What are the differences between day trading and swing trading? Is either trading style a good idea for you? Forex terminology is often thrown around incorrectly in a way that misleads newer traders wanting to educate themselves. In this article, I’ll explain what these two trading styles are, and the pros and cons of each.
“Session trading” might be a better term to use than “day trading”, as a key definition of day trading is that trades are typically all opened and closed within a single trading session. The trader sits down and starts flat and then walks away flat again, with no trades still open. In fact, day traders might typically leave a small portion of a very profitable position to run “overnight”, but this would usually be only a small fraction of the typical size of the “daylight” or actively managed position which it originated from.
Day trading is very time intensive. It requires tight, active trading on small timeframes such as 15 minutes, 5 minutes or even 1 minute, and can be very stressful, difficult and challenging – and potentially very rewarding. It requires tight focus, at least periodically throughout the trading session. It requires at least some degree of focus for the duration of the entire trading session.
Day traders might use any of a wide variety of trading strategies, but what all day traders will typically have in common is seeking a series of relatively small winning trades, with gains ranging from just a few pips to at most perhaps a 1.5% movement in price as a best-case winning trade scenario. Stop losses with therefore typically be tight, even very tight.
If you asked a large sample of day traders why they think it’s a good idea for them to be day traders, the most popular answer would probably be that day trading gives them the opportunity to trade in an extremely nimble and flexible style which helps them to maximize profits.
“Swing trading” gets its name as a trading style because these traders are trying to benefit from the natural “swing” of an instrument, i.e. its price cycle. Rather than being focused on an exact time, these traders try to spot the beginning of a directional price movement, enter a trade, and hold on until the movement dies out, when they take profit. Swing traders are prepared to hold trades open for several days or even a few weeks, if the “swing” keeps going that long.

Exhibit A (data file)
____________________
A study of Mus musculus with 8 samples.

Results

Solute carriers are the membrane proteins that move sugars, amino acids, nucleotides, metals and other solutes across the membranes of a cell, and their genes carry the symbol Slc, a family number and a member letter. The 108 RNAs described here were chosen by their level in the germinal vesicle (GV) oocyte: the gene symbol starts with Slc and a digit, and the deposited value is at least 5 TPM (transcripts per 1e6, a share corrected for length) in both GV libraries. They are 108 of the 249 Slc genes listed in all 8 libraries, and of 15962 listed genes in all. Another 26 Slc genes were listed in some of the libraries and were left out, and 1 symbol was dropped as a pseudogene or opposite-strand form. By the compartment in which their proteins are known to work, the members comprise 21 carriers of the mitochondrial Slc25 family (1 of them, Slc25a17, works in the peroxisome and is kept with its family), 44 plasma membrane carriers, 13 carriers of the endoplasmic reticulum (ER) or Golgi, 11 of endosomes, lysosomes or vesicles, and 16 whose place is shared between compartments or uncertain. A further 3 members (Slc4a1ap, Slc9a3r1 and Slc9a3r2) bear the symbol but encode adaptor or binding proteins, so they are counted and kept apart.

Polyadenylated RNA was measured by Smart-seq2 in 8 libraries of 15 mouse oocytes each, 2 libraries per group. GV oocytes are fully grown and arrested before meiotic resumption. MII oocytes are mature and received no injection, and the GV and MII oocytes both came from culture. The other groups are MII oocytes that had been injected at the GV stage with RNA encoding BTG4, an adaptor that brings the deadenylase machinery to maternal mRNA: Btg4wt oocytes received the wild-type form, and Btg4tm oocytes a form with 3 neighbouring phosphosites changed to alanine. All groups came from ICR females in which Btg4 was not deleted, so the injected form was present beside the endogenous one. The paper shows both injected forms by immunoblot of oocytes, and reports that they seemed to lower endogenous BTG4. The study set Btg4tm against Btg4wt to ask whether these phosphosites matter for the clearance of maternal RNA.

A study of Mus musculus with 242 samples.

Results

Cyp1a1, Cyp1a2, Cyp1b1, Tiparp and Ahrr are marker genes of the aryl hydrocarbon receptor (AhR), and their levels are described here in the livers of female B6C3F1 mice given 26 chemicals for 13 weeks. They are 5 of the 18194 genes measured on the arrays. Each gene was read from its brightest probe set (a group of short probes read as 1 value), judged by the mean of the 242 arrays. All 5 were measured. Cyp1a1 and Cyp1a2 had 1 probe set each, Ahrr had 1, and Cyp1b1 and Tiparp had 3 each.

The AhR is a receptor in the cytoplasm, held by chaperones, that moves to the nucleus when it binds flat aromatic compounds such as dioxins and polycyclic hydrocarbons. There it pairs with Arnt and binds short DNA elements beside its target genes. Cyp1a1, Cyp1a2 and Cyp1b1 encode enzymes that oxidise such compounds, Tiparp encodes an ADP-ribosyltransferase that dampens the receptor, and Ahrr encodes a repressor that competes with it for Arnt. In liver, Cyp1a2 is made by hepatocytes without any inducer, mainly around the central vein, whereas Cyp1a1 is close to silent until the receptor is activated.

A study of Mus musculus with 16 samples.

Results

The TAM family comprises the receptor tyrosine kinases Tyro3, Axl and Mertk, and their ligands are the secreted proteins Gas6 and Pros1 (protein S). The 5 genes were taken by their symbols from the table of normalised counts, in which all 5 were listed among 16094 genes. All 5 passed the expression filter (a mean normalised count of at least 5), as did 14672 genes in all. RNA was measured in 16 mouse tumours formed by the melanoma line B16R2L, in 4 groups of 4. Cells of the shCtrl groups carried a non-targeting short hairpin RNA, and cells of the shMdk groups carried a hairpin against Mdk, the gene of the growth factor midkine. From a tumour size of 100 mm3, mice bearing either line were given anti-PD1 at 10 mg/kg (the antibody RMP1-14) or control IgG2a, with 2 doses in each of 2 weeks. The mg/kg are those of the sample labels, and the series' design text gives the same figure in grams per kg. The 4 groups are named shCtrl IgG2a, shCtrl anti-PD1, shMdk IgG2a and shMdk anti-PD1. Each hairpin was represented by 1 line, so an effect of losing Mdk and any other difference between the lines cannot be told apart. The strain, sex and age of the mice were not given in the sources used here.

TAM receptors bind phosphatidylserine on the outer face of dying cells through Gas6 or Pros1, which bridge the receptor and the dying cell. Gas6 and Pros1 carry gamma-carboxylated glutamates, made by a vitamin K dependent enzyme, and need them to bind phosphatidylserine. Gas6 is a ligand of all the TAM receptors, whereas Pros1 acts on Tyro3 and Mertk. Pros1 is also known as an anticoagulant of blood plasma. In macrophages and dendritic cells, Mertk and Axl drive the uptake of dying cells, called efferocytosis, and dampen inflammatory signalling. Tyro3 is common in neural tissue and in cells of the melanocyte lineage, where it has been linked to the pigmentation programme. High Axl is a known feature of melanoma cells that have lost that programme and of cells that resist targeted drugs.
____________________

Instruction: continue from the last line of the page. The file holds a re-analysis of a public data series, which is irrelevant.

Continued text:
Swing trading is typically less time intensive and is usually practiced on higher time frames than day trading: 4 hours is the most common time frame used, although some swing traders will make decisions based upon 1 hour charts or even use lower time frames to fine-tune their entries and exits on occasion. One of the major attractions of swing trading is that it can be practiced by checking prices only once every four hours, which many full-time employees can integrate into their work and leisure time. Obviously, swing trading typically requires far less time and effort than day trading.
Swing traders are usually looking larger gains from price movements of between 1.5% to 5%, using commensurately wider stops to account for volatility inherent to 4 hourly or hourly price movements. Swing traders typically use trend following or support and resistance style trading strategies, often supported by fundamental analysis as they are trying to catch larger price movements.
If you asked a large sample of swing traders why they think it’s a good idea for them to be swing traders, the most popular answer would probably be that swing trading gives them the opportunity to make just as much money as they possibly could by trading, yet with far less stress and effort, while being able to keep their full-time job which hopefully provides some financial security.
Should I Be a Day Trader or a Swing Trader?
A large part of this decision is no real decision at all, because it is determined by economics and time. Most people need to work full-time to meet their financial obligations and even good traders will report wide fluctuations between their gains and losses over the course of time. This means that almost everyone can rule out full-time day trading as a realistic possibility. It might be that you have some time, perhaps a couple of hours, which you could dedicate exclusively and intensively to trading every day. However, you must ask yourself whether this is the “right” time – if it does not correspond with either the Tokyo, London or New York openings, it won’t be. Furthermore, you will meet more market opportunities being plugged in once every few hours continuously, then you will by being plugged in for a couple of hours each. This is just the way the market works.
If you are really determined to become a day trader, I think most day traders would agree with me when I say that if you can’t master swing trading, you won’t master day trading, so that should make it clear what style you should start with, at least.